As the deadline for Apple to respond to a court order to help the FBI unlock an iPhone, both sides are upping the level of their rhetoric, with Apple CEO Tim Cook saying “this is not what should be happening in this country.”
In an interview Wednesday, Cook said that the company has refused to do what the FBI asks–which is to create a custom version of iOS to bypass some security protections on the iPhone–because it views the request as a dangerous precedent, one that could lead to an unknown number and variety of other demands from law enforcement.
“If a court can ask us to write this software, think about what else they could ask us to write. Maybe it’s an operating system for surveillance, maybe the ability for law enforcement to turn on the camera,” Cook told ABC News.
“I don’t know where this stops, but I do know this isn’t what should be happening in this country.”
At issue in the case is the FBI’s desire to access data on an iPhone 5C that was used by Syed Farook, one of the alleged shooters in the massacre in San Bernardino, Calif., in December. The phone is protected by a passcode and the FBI got a court order demanding that Apple help the bureau bypass the passcode by installing a custom version of iOS on the phone. Apple has said the request amounts to a back door and has refused to comply with the order thus far.
“I do know this isn’t what should be happening in this country.”
On Thursday, FBI Director James Comey testified before the House Intelligence Committee and said that the Apple problem was the most difficult one he’s come across. He said that law enforcement agencies routinely use court orders, warrants, and subpoenas to get information in criminal and terrorism cases, and limiting that ability could have broad effects.
“If we’re going to move to a world where that’s not possible anymore, the world will not end, but it will be a whole lot different,” Comey said.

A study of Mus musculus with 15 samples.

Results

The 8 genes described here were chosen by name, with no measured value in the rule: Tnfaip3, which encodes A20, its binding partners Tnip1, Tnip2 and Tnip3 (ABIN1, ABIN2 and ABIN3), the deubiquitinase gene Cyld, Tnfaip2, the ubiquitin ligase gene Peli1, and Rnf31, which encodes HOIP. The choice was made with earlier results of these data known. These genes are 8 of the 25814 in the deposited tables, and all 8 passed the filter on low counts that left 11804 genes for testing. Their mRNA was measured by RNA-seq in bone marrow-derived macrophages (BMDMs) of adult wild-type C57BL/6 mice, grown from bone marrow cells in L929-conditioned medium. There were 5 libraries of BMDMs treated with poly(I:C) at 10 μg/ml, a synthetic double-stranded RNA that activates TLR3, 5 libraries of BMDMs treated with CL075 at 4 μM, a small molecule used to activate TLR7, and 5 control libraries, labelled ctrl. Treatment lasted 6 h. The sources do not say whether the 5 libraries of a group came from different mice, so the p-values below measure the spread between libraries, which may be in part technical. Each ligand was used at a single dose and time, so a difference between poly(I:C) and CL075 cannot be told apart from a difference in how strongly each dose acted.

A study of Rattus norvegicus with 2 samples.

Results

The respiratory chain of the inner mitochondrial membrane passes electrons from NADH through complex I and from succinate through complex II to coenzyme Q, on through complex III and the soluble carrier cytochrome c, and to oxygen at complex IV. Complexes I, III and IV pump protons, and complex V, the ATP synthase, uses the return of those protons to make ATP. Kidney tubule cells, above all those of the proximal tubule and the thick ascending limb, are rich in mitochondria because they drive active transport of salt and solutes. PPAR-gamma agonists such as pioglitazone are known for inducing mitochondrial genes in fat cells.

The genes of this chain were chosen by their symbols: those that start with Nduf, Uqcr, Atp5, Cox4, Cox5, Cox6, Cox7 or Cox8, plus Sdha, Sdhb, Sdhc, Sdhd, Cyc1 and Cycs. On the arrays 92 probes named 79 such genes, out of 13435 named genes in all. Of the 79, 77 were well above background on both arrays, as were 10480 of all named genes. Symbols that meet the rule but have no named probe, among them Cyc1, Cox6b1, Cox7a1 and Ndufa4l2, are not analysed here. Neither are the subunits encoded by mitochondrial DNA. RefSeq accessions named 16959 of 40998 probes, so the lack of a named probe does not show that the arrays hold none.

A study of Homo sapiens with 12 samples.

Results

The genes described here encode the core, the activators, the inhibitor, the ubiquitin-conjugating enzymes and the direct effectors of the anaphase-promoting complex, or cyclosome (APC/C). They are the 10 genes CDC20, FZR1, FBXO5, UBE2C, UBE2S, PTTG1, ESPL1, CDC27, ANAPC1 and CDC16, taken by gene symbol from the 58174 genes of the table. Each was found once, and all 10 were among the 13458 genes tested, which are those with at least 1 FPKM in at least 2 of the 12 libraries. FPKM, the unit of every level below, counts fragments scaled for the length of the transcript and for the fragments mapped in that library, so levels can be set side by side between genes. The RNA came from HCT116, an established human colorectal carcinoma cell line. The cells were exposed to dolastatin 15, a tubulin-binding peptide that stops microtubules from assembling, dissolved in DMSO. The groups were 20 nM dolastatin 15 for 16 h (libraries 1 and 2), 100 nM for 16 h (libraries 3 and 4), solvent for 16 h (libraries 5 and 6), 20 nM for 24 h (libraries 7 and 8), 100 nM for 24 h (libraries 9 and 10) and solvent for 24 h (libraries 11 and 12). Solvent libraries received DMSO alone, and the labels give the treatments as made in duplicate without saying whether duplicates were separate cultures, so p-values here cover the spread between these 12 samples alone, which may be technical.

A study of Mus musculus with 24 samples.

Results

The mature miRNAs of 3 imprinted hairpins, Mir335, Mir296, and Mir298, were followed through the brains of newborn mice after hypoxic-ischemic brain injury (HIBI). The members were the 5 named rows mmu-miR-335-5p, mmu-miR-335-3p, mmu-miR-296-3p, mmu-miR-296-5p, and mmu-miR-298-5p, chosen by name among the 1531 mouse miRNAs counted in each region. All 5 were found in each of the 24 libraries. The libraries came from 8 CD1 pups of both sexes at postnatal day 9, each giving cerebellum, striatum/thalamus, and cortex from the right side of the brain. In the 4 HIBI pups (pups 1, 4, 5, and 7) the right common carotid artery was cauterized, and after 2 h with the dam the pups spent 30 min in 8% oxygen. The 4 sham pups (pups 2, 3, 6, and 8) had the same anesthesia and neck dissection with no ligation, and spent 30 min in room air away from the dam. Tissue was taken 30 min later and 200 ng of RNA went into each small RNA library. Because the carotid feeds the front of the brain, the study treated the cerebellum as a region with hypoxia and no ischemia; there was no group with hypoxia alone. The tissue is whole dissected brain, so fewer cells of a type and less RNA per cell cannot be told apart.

Apple filed its motion to vacate the court order Thursday afternoon, and said in the document that the assistance the government wants presents not only a huge technical challenge, but would set a dangerous legal precedent if the company complied. In the motion, Apple’s lawyers say that it would take six to 10 company engineers and other employees at least two weeks and maybe twice that long to create the backdoored version of iOS the FBI has asked for.
Meanwhile lawmakers are continuing to watch the case closely. There have been various efforts in Congress in the last year to forward bills that would weaken encryption systems in one way or another, but none has succeeded. Rep. Ted Lieu (D-Calif.) sent a letter to Comey this week asking him to withdraw the FBI’s demands on Apple, and on Thursday said the questions at stake in the case should not be decided in a court.
“This is an issue that should be decided by the American people, the stakeholders, and Congress,” Lieu said in an interview on CNBC.
He added that the arguments the FBI is using about encryption aiding terrorists and the Farook case being a one-off don’t hold water.
“There’s not a shred of evidence that weakening encryption systems would’ve prevented any terrorist attack, ever,” Lieu said. “It’s clear what the FBI is saying isn’t true. This is actually about multiple cases across America and this applies to any case with any iPhone.”
This story was updated on Feb. 25 to add information about Apple’s motion to vacate.
Image from Flickr stream of Mike Deerkoski.